We were pleasantly surprised yesterday when we saw news that Chuck Schumer was starting a campaign to aggressively rein in the HFT market members (which he correctly categorized as responsible for excessive volatility and the flash crash). Some reading between the lines, however, makes it appear that this action could be nothing but a red herring distraction, which attempts to actually promote the interests of the very same HFT lobby which the senator is presumably attempting to control.
Here is how the press release was titled: “SCHUMER TO SEC: IMPOSE TOUGHER RULES ON HIGH- FREQUENCY TRADERS TO CURB STOCK PRICE VOLATILITY AND PREVENT ANOTHER FLASH CRASH” http://schumer.senate.gov/record.cfm?id=327160& We hadn’t seen much from Sen. Schumer on the high frequency trading debate since last summer when he proposed banning flash orders (which by the way still exist). So, we were pleasantly surprised to see Sen. Schumer jumping back into the fight…or so we thought.
Once we started reading Sen. Schumers letter, it started to feel like we had read this before. Sen. Schumer believes that any market participant making markets in 25 or more symbols should be subject to market maker obligations. He suggests 4 areas that the SEC should focus on:
1-Best price obligation – require market makers on the NBBO for a certain percentage of time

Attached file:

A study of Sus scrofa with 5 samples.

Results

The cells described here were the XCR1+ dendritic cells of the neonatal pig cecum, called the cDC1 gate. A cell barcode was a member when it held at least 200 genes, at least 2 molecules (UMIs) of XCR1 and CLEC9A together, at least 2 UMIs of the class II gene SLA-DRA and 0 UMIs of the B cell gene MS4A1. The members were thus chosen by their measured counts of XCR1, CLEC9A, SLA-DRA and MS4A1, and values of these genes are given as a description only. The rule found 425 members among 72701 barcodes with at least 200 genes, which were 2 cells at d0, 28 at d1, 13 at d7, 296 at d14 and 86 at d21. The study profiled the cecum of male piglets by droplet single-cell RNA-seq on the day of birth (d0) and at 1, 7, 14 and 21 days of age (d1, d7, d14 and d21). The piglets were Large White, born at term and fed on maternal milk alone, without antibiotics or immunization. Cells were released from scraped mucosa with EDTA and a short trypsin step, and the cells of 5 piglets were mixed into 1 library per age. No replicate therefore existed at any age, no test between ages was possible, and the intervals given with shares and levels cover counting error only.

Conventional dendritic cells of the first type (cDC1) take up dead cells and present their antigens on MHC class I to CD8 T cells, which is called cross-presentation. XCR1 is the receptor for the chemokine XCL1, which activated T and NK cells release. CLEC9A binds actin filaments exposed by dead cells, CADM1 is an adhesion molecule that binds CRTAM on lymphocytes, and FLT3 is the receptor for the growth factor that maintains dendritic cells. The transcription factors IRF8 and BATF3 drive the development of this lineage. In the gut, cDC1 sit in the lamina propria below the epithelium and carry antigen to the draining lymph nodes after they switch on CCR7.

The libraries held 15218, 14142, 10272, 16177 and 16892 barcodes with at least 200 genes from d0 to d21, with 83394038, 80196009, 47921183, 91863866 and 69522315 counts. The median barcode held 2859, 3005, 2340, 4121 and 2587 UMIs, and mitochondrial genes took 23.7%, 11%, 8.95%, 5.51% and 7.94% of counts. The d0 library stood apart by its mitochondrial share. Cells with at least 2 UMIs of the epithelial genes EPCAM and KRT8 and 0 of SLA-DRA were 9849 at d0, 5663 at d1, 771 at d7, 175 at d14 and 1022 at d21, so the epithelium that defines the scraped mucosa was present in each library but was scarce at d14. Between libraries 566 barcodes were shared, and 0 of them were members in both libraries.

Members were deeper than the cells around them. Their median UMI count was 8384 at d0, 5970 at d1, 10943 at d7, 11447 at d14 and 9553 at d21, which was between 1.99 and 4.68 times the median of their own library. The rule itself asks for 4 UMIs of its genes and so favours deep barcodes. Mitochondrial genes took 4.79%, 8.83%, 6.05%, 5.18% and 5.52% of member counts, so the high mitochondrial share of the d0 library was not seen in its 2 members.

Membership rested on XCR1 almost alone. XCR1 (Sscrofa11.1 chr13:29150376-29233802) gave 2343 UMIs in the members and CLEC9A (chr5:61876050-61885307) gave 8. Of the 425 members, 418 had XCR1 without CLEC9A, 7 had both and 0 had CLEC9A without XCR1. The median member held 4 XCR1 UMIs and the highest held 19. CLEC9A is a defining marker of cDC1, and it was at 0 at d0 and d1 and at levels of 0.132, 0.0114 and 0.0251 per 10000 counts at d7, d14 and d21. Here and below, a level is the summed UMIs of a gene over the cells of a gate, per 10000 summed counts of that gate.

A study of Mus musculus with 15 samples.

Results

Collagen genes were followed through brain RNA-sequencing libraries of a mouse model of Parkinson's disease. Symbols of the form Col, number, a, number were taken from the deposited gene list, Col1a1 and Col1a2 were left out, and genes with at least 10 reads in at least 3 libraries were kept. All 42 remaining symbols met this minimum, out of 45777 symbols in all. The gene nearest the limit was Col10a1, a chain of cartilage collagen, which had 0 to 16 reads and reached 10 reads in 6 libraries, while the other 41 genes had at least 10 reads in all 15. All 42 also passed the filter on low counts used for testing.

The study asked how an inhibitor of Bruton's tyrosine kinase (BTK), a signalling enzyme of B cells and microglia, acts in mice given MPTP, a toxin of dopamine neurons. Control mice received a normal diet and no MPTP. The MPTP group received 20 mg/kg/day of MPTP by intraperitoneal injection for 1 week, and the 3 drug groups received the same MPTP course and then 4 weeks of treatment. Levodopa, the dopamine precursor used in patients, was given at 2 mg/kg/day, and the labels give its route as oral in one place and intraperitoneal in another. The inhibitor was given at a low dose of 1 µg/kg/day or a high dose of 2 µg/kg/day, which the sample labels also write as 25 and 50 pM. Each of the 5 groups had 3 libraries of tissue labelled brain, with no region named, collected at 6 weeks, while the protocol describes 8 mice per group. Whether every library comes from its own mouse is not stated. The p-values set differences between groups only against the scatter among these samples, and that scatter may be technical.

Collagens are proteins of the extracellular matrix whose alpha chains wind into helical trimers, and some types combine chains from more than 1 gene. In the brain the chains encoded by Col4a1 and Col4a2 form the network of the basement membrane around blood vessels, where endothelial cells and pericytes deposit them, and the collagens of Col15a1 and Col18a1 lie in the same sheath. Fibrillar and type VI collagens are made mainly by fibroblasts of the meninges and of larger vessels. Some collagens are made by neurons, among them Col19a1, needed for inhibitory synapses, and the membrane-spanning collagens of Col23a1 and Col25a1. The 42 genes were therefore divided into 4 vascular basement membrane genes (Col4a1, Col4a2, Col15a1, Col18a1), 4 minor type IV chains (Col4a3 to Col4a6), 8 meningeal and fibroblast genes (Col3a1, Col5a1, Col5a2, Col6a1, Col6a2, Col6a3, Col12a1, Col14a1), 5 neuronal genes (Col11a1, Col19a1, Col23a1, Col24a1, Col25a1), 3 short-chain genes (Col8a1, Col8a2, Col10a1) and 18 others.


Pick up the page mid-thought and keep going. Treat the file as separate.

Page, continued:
2 -Maximum quoted spread – quotes should be within the triggers of circuit breakers and stub quotes should be eliminated.
3- Depth obligation – require market makers to place orders below the NBBO
4 – Uniformity across trading venues – market maker obligations should be consistent across all exchanges and market centers.
Hmmmm, now where did we read this before? Oh thats right, on July 9th, three large high frequency trading participants (GETCO, Virtu and Knight) sent a letter to the SEC which was almost exactly the same as the Schumer letter (http://sec.gov/comments/s7-02-10/s70210-255.pdf). In their letter, they also call for a set of market maker obligations. They propose amongst other things a Best Price Obligation, a Maximum Quoted Spread and a Depth Obligation.
Sen Schumer though goes one step further in his letter. He says that since his proposed ”obligations are burdensome and making markets is voluntary, the Commission should consider appropriate incentives for high frequency traders to become market makers.”
What a disappointment. We thought that Sen. Schumer was going to try to help fix our fragmented market structure. But he appears just to be asking for more incentives for HFT. We guess that access to direct data feeds, access to data centers where they can co-locate their computers, liquidity rebates and a share of market data revenue are not enough incentives for Sen. Schumer and his HFT friends.